The World Trade Organization will consider a complaint by Mexico next week alleging that U.S. rules on “dolphin-safe” tuna are illegal, according to an agenda released Tuesday.

Mexico says U.S. labeling restrictions effectively exclude Mexican tuna from the U.S. market and have caused a third of the nation’s tuna fleet to shut down.

The Latin American country claims its tuna production complies with international standards on reducing the accidental capture of dolphins. But it says U.S. rules prohibit Mexico from using the “dolphin-safe” label needed to sell the product in the United States.

The U.S. mission to the WTO could not comment.

The issue of tuna and dolphins is a sensitive one that pits environment against trade, and originated with the WTO’s predecessor body, the General Agreement on Tariffs and Trade.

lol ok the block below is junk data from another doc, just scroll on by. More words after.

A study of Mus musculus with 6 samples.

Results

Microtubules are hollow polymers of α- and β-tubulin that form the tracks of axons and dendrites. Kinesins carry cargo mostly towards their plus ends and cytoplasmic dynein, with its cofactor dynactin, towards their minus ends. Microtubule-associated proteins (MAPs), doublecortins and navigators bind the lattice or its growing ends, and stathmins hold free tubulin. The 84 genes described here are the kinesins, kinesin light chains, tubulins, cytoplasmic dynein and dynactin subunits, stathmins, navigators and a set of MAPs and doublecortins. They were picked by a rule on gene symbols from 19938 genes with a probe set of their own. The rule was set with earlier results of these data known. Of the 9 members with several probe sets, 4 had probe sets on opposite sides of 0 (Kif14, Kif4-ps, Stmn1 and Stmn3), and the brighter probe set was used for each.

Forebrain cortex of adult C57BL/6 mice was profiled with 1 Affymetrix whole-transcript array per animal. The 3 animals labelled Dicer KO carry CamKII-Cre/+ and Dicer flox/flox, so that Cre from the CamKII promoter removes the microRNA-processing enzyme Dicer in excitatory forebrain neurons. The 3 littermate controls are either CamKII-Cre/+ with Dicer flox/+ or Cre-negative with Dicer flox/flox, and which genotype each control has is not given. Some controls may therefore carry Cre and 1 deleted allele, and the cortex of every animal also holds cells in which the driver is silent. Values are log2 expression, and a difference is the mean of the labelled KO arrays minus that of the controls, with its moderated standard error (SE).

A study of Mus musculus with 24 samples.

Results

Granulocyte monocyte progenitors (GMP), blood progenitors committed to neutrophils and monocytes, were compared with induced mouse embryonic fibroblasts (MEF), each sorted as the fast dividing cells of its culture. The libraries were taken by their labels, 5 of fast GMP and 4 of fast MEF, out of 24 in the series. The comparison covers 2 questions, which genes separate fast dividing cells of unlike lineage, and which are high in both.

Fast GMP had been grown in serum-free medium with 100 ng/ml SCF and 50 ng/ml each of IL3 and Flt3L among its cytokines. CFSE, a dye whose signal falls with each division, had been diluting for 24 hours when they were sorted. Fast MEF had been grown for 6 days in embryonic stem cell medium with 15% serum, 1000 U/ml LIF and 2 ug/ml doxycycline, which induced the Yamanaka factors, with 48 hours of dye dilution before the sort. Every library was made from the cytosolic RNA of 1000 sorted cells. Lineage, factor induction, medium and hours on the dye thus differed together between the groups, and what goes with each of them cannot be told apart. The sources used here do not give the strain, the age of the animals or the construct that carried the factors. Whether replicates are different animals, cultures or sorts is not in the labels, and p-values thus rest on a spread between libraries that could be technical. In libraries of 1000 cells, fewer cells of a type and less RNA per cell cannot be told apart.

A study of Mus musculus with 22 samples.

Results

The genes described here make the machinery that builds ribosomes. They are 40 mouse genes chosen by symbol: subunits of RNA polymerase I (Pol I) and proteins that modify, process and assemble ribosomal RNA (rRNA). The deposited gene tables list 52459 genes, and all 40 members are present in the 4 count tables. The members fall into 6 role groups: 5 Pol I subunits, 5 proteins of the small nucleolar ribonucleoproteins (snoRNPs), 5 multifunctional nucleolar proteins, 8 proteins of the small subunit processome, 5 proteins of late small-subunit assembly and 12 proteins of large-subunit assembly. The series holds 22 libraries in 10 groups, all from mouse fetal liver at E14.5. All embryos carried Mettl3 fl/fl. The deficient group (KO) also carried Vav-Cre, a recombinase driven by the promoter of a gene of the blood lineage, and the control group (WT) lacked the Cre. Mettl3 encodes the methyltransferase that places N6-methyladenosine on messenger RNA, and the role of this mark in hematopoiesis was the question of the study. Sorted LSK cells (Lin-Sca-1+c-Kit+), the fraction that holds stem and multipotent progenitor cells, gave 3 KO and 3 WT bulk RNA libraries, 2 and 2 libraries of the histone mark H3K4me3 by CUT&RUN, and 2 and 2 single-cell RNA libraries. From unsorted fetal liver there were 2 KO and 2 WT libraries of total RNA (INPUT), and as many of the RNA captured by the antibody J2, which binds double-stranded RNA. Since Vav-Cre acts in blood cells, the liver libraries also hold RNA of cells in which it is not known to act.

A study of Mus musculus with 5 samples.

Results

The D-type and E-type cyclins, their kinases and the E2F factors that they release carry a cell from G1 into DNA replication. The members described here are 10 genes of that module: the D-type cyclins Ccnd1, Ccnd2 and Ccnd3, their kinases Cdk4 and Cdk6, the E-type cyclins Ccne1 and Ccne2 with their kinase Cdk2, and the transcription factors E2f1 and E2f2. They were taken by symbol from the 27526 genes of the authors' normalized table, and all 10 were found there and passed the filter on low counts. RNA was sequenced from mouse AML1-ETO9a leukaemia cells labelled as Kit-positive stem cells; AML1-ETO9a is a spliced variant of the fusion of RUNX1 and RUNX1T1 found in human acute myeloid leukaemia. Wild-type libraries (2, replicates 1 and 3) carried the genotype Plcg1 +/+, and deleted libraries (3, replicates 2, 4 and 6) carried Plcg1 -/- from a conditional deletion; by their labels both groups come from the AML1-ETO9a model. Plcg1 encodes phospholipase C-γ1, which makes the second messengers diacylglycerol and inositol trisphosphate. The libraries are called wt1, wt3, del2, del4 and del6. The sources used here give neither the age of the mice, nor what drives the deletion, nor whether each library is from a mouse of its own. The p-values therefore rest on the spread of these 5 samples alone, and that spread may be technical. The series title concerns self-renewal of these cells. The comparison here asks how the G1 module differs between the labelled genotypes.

Mexico won a case in 1991 over a U.S. law that banned imports of tuna caught in nets that also harm dolphins, but the old rules allowed the loser to simply ignore the ruling by exercising its veto power.

The WTO, created in 1995, has stricter enforcement powers and can authorize sanctions against countries that violate international trade agreements — but usually after years of litigation.

Washington can delay the establishment of a panel at the March 20 meeting of the WTO’s dispute body. It cannot do so a second time, meaning the trade body will likely launch a formal investigation by April at the latest.

The WTO has consistently ruled against Washington’s calculations of duties for foreign goods it suspects are being sold in the U.S. at below-market prices.